Publication Date : 16-05-2012


Myanmar’s iconic opposition leader Aung San Suu Kyi is the key driver of the country’s political reform.

Suu Kyi entered parliament after her National League for Democracy party won a landslide victory in the April 1 by-elections.

The opposition party secured 43 of the 44 seats it contested in the landmark polls to carve out a presence in the country’s 664-member bicameral legislature still dominated by military figures.

The electoral win added momentum to ongoing political and economic reforms in the underdeveloped country and helped contain lingering skepticism about the nominally civilian government’s will for democratisation.

Suu Kyi’s party won an overwhelming victory in the 1990 elections as well, with more than 80 per cent of voter support. But the military refused to cede power and instead strengthened crackdowns on dissidents.

Since her release in November 2010 after spending 15 years under house arrest since 1989, she has gotten closer to the grassroots people that have suffered from poverty and social and political oppression.

The daughter of Myanmar’s independence hero Gen. Aung San, she began spearheading the democracy movement weeks after the military’s bloody crackdown on massive pro-democracy rallies in 1988.

Suu Kyi received a political science degree from Lady Shri Ram College in Indial in 1964, and flew to Britain to attend Oxford University. She earned her doctorate at Britain’s School of Oriental and African Studies in 1985.

After spending some three decades living outside the country as a scholar and then wife of British author Michael Aris, the iconic leader returned to Myanmar in 1988 to help her mother recover from a stroke.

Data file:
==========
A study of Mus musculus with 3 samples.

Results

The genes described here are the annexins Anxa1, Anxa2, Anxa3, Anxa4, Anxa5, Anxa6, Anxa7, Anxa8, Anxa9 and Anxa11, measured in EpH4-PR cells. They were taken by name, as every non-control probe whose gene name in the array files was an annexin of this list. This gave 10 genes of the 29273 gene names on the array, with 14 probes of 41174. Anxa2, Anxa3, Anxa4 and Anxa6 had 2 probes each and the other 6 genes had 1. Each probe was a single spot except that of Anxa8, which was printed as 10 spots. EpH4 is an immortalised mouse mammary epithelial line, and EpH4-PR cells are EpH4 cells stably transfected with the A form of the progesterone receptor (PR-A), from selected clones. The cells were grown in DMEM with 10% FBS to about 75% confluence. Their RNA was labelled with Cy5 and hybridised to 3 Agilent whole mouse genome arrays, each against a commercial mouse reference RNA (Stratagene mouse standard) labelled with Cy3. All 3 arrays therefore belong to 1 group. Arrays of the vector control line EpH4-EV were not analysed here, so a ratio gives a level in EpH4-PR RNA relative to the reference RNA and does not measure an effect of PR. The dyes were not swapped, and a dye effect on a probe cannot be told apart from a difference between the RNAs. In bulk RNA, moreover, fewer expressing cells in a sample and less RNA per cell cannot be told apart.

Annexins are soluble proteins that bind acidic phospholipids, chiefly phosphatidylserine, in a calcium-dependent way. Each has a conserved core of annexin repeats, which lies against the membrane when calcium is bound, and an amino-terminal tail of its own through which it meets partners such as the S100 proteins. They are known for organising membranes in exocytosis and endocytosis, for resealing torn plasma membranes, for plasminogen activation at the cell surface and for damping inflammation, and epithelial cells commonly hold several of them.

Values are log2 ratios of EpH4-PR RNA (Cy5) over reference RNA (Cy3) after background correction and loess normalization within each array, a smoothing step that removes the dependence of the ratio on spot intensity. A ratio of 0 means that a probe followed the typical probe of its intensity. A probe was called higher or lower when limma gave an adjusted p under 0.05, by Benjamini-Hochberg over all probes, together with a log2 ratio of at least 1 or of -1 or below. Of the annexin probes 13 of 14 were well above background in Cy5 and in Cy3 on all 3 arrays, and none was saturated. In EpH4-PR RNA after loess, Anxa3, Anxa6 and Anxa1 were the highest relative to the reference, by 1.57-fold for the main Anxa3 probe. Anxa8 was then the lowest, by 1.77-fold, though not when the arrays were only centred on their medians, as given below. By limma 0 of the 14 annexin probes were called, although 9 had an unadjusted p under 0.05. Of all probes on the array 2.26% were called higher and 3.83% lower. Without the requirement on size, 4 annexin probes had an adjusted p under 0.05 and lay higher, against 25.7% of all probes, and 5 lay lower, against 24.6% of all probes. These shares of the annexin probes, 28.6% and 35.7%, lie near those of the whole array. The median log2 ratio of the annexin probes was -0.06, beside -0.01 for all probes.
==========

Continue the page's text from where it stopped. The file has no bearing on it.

Amid popular calls for democratic rule, people in the country wanted her to play an active leadership role. As she increasingly raised her voice against the dictatorship and human rights abuses, the military rulers put her under house arrest in July 1989.

Her confinement made her unable to travel to Norway to receive the Nobel Peace Prize in 1991. Her husband and son attended the award ceremony on her behalf.

Suu Kyi could not visit her ailing husband before he died in Britain of prostate cancer in 1999. When she was intermittently freed, Suu Kyi refused to go abroad, thinking that she might not be allowed to return home.

With her persistent calls for broad, fundamental reform and national reconciliation, the incumbent government led by Thein Sein, a former military general, has made strides toward democratic rule.

It has freed hundreds of political prisoners, eased media control, reached truces with ethnic rebels and held the by-elections that enabled Suu Kyi to enter parliament.

Also in a bold step toward economic reform, the country adopted a managed floating exchange rate system last month as its previous fixed mechanism had caused market distortions and dampened investor confidence.

The reform efforts have triggered competition among many countries over Myanmar’s vast reserves of oil, natural gas and other resources. Global powers including China have vied to court the country particularly for its geostrategic location next to the Indian Ocean and crucial sea lanes of communication.